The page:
This year’s Youth Month is “Be a Credit Union Saver and Your Savings Will Never Go Extinct.” Together, we’re encouraging our youngest members to open their own savings account (with a parent or guardian’s help), begin a habit of putting money into that account regularly to help them save, and GROW for the future.
Opening a UKRFCU Savings Account for Your Child
Opening a savings account for your child(ren) is the first step toward their future financial success. By opening the savings account, you create a separate space allocated for your child’s savings, by having their account at a Credit Union, is a great financial decision. Credit Unions tend to have higher savings rates for your accounts (thus growing your money faster), and have fewer fees!
At UKRFCU one can create a savings account for their child(ren) so that you/ they can start to save for the future. As the child(ren) grows older, they can become more involved in the process. Once they are old enough to attend school, students can join our Student Savers program at our participating Ukrainian Schools. Students develop a routine every Saturday to store away money into their savings accounts. This program inspires and educates students to make smarter decisions towards achieving financial success while getting rewarded with gifts in the process For more information on this program, please visit https://ukrfcu.com/accounts/student-savers/.
When a UKRFCU member turns 16, they are eligible to open a UKRFCU Share Draft (Checking Account) and receive a VISA Debit Card which they can use to access their funds. Now your child can have the firsthand experience of managing their money like an adult. This is a key point in time for them because now they can access the money in their account and use it in any way they please. However, if they have a good knowledge of good money habits they will hopefully stick to them and use their money more responsibly.
For more information on this program, please visit https://ukrfcu.com/when-happens-when-member-turns-16/.
Here are four easy ways for you to help teach your kids good financial habits when they are young:
- Delay it. Avoid offering your child instant gratification — a child can adapt to being patient and waiting for a reward. “My son wants to play, literally, nonstop and he wants to play right now. And so I’ll say, ‘five minutes — give me five minutes, and then I’ll play with you,’” DeGaetano said. Similar to putting money in a savings account and keeping it aside for a special thing they want to buy, it will take some time. Patience is key.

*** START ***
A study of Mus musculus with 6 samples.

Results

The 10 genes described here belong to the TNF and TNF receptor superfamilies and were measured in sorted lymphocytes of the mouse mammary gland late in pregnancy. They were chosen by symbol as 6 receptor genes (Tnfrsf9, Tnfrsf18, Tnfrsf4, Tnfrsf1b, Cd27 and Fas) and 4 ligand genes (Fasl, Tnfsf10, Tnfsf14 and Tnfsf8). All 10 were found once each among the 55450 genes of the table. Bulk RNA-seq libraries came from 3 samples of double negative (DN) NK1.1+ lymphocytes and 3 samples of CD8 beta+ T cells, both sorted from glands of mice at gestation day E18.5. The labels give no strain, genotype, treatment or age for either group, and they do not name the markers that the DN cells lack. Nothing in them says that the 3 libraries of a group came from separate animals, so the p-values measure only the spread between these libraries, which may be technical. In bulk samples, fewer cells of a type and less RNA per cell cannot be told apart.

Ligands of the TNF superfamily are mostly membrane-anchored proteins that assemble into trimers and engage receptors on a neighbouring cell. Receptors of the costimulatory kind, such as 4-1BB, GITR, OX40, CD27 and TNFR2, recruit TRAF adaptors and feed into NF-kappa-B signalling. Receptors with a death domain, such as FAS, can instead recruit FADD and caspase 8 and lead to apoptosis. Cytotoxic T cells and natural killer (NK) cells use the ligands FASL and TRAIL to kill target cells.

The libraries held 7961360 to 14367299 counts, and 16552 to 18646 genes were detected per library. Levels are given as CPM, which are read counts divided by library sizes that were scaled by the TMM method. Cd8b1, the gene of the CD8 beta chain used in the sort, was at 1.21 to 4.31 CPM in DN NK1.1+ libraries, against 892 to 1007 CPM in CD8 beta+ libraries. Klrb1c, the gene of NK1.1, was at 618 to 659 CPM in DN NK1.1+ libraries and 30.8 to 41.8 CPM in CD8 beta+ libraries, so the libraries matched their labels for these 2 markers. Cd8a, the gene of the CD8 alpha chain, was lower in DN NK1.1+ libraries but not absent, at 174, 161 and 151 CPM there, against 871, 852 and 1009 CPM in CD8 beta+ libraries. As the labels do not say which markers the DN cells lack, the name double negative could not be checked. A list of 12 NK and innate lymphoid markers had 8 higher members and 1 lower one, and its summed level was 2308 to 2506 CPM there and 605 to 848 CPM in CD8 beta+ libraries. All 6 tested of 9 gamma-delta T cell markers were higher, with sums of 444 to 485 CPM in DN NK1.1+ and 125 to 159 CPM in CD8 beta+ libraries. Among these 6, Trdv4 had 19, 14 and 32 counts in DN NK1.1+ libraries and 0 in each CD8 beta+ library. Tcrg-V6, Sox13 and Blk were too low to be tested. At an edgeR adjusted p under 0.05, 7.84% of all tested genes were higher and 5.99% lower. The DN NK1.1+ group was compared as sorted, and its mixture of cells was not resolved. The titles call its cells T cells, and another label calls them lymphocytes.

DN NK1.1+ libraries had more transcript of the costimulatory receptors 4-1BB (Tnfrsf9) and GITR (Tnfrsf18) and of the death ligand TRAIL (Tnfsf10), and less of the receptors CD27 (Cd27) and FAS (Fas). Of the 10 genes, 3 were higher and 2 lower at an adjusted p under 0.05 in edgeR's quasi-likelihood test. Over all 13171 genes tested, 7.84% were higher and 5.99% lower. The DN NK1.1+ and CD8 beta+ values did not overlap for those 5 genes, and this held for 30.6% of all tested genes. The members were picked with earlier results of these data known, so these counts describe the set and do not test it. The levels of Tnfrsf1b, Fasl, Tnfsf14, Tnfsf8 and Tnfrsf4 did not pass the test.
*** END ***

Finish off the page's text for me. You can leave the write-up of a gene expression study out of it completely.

- Play it. Incorporate currency while playing games or make-believe with your child. If they are play-cooking, offer to “buy” what they’re making and pass on what you “can’t afford.” If they are dressing up toys or dolls, discuss where the doll gets their clothes and how they cost money to buy.
- Say it. It helps to be transparent with your own spending so your child can see how it all works. “When we’re buying pizza, it’s OK to tell the kids what the pizza costs,” DeGaetano explained. “That doesn’t mean you need to sit down with a net worth statement and go through all that stuff you buy with your kids, but it’s very important.” If your kids are a little bit older, take them to the bank to open an account. “My kids and I went to the bank and it was nice, they were excited about it. And they were learning about how when they get to be a certain age, they’re going to get paid.”
- Display it. It’s not just about teaching good money habits, it’s being a good role model, too. “If you, as a parent, want to really teach your kids about money, one of the first things you can do is be a good steward of your own dollar and walk the walk,” DeGaetano advised. “Kids are going to look up to you.”
To wrap this up, we want to emphasize this. If you want your children to develop good spending and saving habits, they need to see you making smart spending and saving choices. In short, practice what you preach. And preach with consistency. Educating your children about personal finance is a process that can take time. But if you put in the effort and continuously communicate a clear message about money, you will instill good habits that will serve your children well.